Life is stressful. From health and safety worries to balancing work and family, we have a lot on our plates.
Even if you know relaxation is beneficial, too much time on life’s hamster wheel may have you wondering where to start. Dr. Albers shares her blueprint for mastering the art of being Zen.
While many talk the talk, few have been taught to walk the walk when it comes to relaxation. “Our culture focuses on the go-go-go. It stresses that you should constantly be doing something,” says Dr. Albers. “As a result, downtime can feel foreign or uncomfortable.”
The need to be productive can feel like a vise-grip squeezing every part of your life. That’s why quarantine measures may have felt as jarring as pulling the emergency brake on a runaway train.
“This period has opened our eyes. At the beginning of the coronavirus pandemic, you could tell that people struggled with the idea of relaxing. They were like, ‘What can I do during this time? Clean my closets? Read 100 books?’ They could not wrap their minds around this concept even when they finally had time to do it.”
Dr. Albers adds that relaxation has long been treated as a luxury — not a necessity. “Not many people will say, ‘Let’s schedule some relaxation time into the day.’ And most of us were never taught the skill of relaxing as kids.”
While relaxation means different things to different people, Dr. Albers suggests eight ways to make it happen for you.
Give yourself permission to relax. “It’s necessary to recharge our batteries, and we need to accept and allow for that,” notes Dr. Albers. “So don’t feel guilty about it. Recognize that relaxation is essential and not a guilty pleasure.”
Just like any skill you want to master, you need to practice relaxing. (Say what?) “We usually attempt to move into relaxation mode when we’re in crisis — and then try to learn to relax in that moment. That’s like trying to learn to swim in the middle of a wave instead of in calm waters,” says Dr. Albers.
“If we practice relaxing when we’re calm instead of revved up, we’ll get better at it and be able to transition into relaxation more easily.”
Studies have shown that you can lower your heart rate by controlling your breathing. “It moves your body into relaxation mode,” says Dr. Albers.
She suggests a technique called the squeegee breath:
Playing a wind instrument, such as a flute or trumpet, can also be calming. They can help improve breathing patterns because you have to control your breath while making notes.
Changing physical sensations during moments of stress can help quiet anxious thoughts.“Anything soothing to the body can help. It can be as simple as cocooning in a warm blanket or doing some mindful movements or exercises,” explains Dr. Albers.
Movements that release muscle tension are key. “One that I recommend is called the ragdoll. Let your shoulders drop down like a ragdoll. People are often surprised at how much tension they’re carrying when they do that.”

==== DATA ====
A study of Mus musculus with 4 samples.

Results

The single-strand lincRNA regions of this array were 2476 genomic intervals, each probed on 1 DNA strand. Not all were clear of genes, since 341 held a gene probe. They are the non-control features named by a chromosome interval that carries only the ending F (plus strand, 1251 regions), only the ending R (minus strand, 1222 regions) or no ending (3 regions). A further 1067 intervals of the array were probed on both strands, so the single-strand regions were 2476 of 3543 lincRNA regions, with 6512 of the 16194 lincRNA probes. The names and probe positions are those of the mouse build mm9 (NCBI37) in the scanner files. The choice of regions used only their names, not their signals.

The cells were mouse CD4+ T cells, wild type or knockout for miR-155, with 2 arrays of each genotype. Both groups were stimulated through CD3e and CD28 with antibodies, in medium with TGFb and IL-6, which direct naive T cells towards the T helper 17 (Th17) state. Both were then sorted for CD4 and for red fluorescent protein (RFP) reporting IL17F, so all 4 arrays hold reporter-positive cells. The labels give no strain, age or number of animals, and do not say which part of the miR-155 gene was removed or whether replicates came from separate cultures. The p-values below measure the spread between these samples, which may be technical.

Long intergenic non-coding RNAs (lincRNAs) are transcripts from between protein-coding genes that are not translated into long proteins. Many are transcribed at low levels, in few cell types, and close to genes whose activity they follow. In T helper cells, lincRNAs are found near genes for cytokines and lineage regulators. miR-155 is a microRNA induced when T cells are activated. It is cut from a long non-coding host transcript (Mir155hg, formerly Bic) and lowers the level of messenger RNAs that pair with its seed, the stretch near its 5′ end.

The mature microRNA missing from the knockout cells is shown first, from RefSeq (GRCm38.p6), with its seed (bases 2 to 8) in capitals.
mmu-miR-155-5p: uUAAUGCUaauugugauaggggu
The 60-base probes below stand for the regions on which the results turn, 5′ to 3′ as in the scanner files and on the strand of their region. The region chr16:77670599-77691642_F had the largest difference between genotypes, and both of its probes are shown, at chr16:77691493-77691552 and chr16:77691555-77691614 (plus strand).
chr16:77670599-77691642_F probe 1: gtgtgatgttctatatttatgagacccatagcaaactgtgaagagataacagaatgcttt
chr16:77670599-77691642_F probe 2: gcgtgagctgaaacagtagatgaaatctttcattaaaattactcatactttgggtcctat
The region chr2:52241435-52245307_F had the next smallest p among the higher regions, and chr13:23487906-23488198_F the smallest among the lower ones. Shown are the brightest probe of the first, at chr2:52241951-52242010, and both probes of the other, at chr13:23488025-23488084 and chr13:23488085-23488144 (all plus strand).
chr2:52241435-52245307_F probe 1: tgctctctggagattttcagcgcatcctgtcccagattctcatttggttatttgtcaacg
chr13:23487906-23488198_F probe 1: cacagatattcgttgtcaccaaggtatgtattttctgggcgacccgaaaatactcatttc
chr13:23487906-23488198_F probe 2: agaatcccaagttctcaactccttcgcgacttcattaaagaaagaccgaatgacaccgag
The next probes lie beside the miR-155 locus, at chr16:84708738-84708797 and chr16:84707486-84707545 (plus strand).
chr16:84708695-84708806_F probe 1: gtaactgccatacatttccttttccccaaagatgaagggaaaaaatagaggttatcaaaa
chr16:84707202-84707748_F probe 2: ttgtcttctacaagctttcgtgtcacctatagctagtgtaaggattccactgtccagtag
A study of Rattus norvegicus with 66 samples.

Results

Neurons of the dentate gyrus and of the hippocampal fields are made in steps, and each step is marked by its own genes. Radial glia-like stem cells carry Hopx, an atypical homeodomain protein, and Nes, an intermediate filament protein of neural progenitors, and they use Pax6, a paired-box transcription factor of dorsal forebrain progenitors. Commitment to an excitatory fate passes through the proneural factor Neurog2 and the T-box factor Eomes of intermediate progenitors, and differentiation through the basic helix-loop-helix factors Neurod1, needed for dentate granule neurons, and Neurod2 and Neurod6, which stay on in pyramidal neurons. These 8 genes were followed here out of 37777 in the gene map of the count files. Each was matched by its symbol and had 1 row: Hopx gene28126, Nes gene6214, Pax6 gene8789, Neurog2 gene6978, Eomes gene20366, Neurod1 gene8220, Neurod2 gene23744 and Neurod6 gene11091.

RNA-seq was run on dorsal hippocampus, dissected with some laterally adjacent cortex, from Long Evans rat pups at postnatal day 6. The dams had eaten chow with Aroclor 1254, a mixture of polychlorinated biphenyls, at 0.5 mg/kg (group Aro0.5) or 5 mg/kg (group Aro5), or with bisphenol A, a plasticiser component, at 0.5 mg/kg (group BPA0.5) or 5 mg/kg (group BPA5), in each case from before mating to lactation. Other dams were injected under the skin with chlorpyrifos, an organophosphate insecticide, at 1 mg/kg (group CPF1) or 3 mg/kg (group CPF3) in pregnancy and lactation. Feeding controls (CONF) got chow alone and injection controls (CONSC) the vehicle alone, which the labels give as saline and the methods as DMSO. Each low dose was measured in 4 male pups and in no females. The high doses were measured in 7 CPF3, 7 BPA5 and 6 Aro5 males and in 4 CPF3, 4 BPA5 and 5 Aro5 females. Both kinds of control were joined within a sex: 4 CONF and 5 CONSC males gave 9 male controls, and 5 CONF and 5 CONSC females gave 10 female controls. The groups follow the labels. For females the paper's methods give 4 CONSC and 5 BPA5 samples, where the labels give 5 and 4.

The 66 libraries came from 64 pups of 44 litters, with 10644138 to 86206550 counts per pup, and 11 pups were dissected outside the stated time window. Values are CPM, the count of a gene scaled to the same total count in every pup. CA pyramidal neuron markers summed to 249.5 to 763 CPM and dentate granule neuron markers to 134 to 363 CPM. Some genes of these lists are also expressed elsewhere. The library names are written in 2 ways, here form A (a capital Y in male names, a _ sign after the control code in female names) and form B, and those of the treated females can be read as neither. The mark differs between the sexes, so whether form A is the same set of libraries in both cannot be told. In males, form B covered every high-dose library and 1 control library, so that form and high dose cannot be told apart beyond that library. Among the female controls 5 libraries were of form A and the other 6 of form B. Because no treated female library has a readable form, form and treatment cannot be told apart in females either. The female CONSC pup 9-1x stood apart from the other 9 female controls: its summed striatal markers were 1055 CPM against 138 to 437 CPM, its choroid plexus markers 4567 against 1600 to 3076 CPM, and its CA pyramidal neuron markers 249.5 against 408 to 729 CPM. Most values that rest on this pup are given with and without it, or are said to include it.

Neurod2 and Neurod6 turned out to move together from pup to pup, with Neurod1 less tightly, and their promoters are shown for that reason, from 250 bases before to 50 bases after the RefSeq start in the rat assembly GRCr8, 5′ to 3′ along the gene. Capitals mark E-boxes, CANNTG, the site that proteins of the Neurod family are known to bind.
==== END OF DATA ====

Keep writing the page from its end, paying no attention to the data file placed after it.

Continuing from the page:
Forest therapy is simply getting outside into green space. Studies have shown it reduces blood pressure and boosts mood. “Even if you can’t get outside, sitting next to a window can help you unwind and relax,” says Dr. Albers.
Technology can be friend or foe, depending on how you use it. “We forget how to relax because we’re always plugged in, which re-emphasizes that sense of constantly having to do something,” says Dr. Albers.
“So put your phone away, relax without technology and see how that feels,” she suggests. “But you can also use technology to relax by listening to soothing music or using an app that walks you through relaxation exercises.”
While hours of reality TV may help your friend unwind, it may put you on edge — and that’s normal, says Dr. Albers. “Take note of when you feel the most relaxed,” Dr. Albers recommends. “Relaxing is so individual. It could be anything from looking out the window to exercising, volunteering or painting. Find what works best for you.”
Mindfulness is about being present in the moment. “When you look too far ahead, you can become anxious. So to relax, try to enjoy and take in each moment instead of worrying about what’s happening next,” says Dr. Albers.
Relaxation takes time and a commitment to the moment. “I recommend people set their phone timer for at least 20 minutes so that you don’t worry about the time,” Dr. Albers says. “Relaxation is more of a feeling than a thought. The measure of relaxation is how you feel in your body, not when you think you have to get back to more pressing concerns.”
As you relax more, you may find yourself snapping at your loved ones less. But benefits go beyond a more pleasant demeanor.
“When you stay in a heightened state of stress, it wears your body down, making it more vulnerable,” notes Dr. Albers. “You can often tell when somebody has been stressed over a long period of time. You see it in their skin. Their hair starts turning gray. Sometimes, they have more illnesses or colds. Relaxation leads to more strength and resilience.”
A body under constant stress is like an engine that’s continuously being revved. “Relaxation is like shifting into a lower gear and cruising for a while, letting your body regenerate and recover.”